On Sunday's episode of Mad Men, thanks to the office's new IBM 360, creative Stan Ginsberg lost his mind, as well as a nipple. Don Draper also reunited with his niece Stephanie and crashed a big meeting between SC+P and potential tobacco client Phillip Morris. Meanwhile, the former Mrs. Draper got belittled by hubby Henry -- "Leave the thinking to me," he said. Even though, as Betty professed, "I'm not stupid. I speak Itallian."
But what was the real news from the ad world at the time? Find out in this edition of Throwback Thursday Ad Age Headlines, pulled from June, 1969.
Computer Laughs, Frowns
Stan Ginsberg might have freaked even earlier had he seen the new ad covered in this article about Comcet computers. The commercial features a humanized computer -- disturbing human face and all -- created with a combination of makeup effects and photography. It was created out of Warner, Bicking and Fenwick New York.
Bar Door to Hippies
Lou Avery would have found a soulmate in Gerry Germain, assistant VP at Metropolitan Life Insurance Company. This article describes a talk Mr. Germain gave at the American Marketing Association's International Marketing Congress. He decried ad agenices' "rather unbusinesslike approach to the problem of creativity" and the hippie types whose lifestyles are counterintuitive to the main goal of advertising. "Agency people who 'look, smoke like Che Guevara' raise the question 'Is he in support of our economic system or is he in sub rosa revolt?' ... If I were an ad manager, I'd look for and demand an agency group that was bright, young, well-shaven, well barbered and profit minded."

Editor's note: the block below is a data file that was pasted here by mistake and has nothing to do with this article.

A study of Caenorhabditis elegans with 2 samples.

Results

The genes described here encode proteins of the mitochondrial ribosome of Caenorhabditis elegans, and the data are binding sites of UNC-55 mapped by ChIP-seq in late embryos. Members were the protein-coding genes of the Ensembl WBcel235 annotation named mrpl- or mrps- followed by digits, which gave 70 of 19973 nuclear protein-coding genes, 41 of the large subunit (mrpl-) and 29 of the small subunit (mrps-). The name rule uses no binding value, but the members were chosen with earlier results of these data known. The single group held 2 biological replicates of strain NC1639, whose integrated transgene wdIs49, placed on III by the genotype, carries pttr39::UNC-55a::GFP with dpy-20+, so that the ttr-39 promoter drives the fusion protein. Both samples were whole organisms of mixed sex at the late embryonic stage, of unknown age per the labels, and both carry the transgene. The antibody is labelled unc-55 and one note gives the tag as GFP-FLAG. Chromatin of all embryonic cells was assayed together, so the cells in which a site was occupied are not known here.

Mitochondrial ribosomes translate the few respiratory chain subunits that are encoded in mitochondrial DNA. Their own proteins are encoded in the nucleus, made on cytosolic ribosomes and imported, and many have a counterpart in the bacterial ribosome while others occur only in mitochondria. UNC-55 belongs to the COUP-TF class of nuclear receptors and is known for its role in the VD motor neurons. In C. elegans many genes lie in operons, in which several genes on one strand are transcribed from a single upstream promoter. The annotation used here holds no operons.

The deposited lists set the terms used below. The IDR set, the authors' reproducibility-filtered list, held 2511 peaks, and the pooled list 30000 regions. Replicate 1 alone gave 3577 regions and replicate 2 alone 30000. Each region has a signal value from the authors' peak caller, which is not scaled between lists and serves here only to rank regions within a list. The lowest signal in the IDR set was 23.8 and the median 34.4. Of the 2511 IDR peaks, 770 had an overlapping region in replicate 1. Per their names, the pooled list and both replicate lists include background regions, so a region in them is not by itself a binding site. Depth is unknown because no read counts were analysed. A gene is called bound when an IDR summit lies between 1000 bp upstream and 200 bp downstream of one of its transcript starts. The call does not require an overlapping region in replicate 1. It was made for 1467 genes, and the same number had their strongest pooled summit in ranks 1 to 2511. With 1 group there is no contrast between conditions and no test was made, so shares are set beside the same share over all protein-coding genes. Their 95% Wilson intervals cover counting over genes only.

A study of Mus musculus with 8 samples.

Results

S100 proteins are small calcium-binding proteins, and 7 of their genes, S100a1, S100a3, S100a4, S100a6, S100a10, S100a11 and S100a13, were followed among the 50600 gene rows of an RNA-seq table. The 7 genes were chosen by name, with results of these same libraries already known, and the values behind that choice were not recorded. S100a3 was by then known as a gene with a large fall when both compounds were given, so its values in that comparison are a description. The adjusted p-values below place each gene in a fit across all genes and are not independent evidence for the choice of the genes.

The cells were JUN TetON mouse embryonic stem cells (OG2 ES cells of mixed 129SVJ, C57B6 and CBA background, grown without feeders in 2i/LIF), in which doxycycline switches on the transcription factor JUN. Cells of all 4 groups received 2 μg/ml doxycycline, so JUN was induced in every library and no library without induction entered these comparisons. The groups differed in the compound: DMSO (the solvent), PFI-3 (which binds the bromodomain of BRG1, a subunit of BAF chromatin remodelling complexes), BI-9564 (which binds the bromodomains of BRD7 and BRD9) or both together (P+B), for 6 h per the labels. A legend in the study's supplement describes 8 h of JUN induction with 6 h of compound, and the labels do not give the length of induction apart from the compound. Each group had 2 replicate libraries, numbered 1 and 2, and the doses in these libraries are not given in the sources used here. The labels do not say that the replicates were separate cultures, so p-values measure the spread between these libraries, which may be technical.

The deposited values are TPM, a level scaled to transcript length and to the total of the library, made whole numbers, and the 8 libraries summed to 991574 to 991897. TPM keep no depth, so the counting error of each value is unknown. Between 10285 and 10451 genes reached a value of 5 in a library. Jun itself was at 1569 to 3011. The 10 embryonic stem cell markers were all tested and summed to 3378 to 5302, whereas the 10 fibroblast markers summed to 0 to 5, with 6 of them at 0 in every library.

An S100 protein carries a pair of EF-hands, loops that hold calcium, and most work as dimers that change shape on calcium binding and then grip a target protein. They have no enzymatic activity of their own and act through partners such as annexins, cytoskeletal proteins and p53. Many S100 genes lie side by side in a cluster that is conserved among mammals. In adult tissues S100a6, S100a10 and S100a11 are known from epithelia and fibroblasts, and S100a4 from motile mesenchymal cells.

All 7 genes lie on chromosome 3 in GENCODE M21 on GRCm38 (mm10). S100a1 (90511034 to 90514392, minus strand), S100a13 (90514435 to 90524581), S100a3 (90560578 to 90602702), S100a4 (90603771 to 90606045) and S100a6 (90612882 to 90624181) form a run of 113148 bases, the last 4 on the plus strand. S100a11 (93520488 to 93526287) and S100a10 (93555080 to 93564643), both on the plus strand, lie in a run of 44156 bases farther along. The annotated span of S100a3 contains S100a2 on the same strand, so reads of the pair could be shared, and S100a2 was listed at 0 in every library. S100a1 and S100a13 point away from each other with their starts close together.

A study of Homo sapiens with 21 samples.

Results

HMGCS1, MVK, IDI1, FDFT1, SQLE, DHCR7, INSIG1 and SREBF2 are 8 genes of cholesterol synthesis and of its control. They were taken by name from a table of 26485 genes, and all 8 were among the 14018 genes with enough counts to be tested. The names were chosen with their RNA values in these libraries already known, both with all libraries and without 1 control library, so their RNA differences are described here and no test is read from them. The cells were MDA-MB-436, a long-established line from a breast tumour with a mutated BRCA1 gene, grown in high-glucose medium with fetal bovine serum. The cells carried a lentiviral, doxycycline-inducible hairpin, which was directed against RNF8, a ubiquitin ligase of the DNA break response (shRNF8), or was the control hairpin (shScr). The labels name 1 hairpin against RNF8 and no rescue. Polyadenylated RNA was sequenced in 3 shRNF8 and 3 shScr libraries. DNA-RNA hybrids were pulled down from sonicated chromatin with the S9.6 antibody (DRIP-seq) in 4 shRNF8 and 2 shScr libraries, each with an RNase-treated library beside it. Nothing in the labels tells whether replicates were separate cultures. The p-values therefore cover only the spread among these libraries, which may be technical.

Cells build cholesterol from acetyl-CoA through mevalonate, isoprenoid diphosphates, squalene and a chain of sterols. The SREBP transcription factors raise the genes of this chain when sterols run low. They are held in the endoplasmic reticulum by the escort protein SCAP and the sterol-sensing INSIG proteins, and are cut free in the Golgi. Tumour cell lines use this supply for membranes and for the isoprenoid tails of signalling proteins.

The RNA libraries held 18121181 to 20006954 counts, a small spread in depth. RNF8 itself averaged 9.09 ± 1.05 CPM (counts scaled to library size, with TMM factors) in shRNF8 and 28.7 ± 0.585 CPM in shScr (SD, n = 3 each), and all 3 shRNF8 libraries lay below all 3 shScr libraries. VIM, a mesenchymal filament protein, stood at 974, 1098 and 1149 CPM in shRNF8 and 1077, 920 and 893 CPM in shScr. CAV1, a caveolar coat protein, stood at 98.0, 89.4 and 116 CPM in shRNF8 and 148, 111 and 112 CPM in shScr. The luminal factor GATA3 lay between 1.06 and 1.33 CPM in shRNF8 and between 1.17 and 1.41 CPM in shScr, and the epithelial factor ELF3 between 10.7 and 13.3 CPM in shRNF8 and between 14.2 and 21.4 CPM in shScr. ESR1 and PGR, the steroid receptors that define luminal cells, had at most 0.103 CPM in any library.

Phillip Morris Acquires Miller Brewing
In this week's episode, SC+P, including lunch meeting-crasher Don, wooed Phillip Morris for its Commander cigarettes account, but the tobacco giant's real news at the time was its acquisition of Miller Brewing Co. from W.R. Grace and Co., New York. It paid $130 million in cash for 53% of the Milwaukee brewer's stock, following a breakdown in negotiations between the beer company and PepsiCo.
Client Lunches Worth It, Research Shows
Speaking of lunch meetings, this June 18 Ad Age story described how indulgent ad lunches actually yielded productive outcomes. A study by Grey Advertising and Rutgers University noted that agency-client lunches were longer (90 minutes to 2 hours), more expensive (a whopping $4.50 - $6.49 per person vs. $1 - $1.49) and more personal than typical business meals.Yet they were far from a "luxurious boondoggle" and served a" useful purpose in carrying out and developing advertising and marketing plans."
Relating Mom's Hedonism, Guilt to Her Brand Switchability
Houghton Miffline to Promote Dictionary with Heavy TV Push
Now this, we would never see today -- a piece about a $250,000 TV campaign pushing the American Heritage Dictionary, which, according to the new ad, "puts 61 million dictionaries out of date."